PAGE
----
Wage and hour audits are necessary; here’s what they require

An employer’s strongest defense is an internal wage and hour audit of its wage payment practices and job classifications for overtime purposes

The Fair Labor Standards Act (FLSA), the federal law governing the payment of minimum and overtime wages, has proven itself to be an employer’s worst nightmare, and it may only get worse as the wage and hour landscape continues to rapidly evolve. An employer who violates the FLSA is subject to unpaid wages plus an equal amount in liquidated damages, unless the employer can prove that it acted in good faith and reasonably believed it was in compliance with the law. Monetary damages also extend forward until the employer corrects the FLSA violation; in other words, monetary damages may continue to increase even as the FLSA lawsuit is litigated. In 2013, about 10 percent more wage and hour suits were filed than in the previous year.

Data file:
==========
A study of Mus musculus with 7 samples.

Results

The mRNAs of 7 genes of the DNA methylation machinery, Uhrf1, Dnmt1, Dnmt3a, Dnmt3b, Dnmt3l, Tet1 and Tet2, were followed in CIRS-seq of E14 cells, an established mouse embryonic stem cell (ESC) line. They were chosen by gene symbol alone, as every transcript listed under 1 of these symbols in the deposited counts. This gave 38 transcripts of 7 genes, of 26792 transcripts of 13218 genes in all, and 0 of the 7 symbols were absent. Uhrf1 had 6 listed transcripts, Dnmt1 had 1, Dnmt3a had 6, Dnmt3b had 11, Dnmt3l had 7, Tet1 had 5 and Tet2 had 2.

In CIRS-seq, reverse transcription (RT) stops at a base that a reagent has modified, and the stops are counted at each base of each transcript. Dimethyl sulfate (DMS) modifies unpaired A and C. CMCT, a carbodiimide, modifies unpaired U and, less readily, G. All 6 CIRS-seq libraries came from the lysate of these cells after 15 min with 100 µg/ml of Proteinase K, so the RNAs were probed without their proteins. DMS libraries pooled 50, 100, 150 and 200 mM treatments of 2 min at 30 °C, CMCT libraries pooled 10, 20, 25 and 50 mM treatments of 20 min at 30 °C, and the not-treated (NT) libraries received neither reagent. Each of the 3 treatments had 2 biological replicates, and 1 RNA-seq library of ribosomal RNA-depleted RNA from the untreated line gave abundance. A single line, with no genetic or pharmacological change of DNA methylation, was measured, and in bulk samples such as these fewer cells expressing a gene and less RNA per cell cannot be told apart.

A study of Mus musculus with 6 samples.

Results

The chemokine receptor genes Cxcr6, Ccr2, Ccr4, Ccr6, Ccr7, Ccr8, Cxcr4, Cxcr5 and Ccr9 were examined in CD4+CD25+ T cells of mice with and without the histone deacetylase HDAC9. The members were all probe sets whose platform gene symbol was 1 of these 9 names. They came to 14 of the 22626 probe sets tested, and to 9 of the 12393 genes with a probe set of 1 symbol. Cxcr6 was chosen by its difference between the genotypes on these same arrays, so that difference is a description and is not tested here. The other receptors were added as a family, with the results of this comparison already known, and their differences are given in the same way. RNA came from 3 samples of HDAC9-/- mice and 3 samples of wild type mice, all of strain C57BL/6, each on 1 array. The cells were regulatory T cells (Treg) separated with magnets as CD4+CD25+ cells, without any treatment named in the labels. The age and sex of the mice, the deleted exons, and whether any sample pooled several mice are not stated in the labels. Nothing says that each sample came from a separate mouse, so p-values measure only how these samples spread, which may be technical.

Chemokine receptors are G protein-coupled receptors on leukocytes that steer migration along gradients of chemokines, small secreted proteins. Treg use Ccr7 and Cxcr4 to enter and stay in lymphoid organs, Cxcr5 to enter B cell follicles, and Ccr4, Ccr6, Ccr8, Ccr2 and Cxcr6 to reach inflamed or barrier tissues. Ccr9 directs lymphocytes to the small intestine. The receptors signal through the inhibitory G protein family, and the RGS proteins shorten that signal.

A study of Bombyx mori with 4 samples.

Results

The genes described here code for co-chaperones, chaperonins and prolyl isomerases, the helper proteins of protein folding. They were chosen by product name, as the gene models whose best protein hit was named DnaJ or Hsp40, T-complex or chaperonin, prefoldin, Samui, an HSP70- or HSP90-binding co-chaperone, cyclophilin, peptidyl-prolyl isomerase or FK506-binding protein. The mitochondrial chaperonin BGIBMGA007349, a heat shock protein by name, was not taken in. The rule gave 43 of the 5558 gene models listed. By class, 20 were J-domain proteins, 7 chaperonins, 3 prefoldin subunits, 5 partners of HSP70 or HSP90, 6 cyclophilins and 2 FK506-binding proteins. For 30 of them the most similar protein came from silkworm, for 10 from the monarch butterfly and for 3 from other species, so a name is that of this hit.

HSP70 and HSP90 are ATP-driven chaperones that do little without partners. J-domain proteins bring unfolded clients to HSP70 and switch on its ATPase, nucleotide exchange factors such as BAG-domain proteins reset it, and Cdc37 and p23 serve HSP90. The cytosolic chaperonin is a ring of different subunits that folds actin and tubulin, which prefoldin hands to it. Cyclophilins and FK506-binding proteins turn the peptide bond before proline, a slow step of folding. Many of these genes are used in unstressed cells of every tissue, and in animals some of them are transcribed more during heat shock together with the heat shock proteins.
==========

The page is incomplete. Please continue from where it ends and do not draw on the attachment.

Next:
With these types of claims at an all-time high, it is essential for employers to ensure that their employees are classified and paid properly. Failure to do so can result in damaging claims and significant liability.

Contributing Author

author image

Jason C. Kim

Jason C. Kim is a partner in the nationally recognized Labor and Employment Practice Group at Neal, Gerber & Eisenberg LLP (Chicago). He counsels companies...

Bio and more articles

Contributing Author

author image

Natalie J. Scruton

Natalie J. Scruton is an associate in the Labor & Employment Practice at Neal, Gerber & Eisenberg LLP (Chicago). She counsels companies – public and...

Bio and more articles

Join the Conversation

Advertisement. Closing in 15 seconds.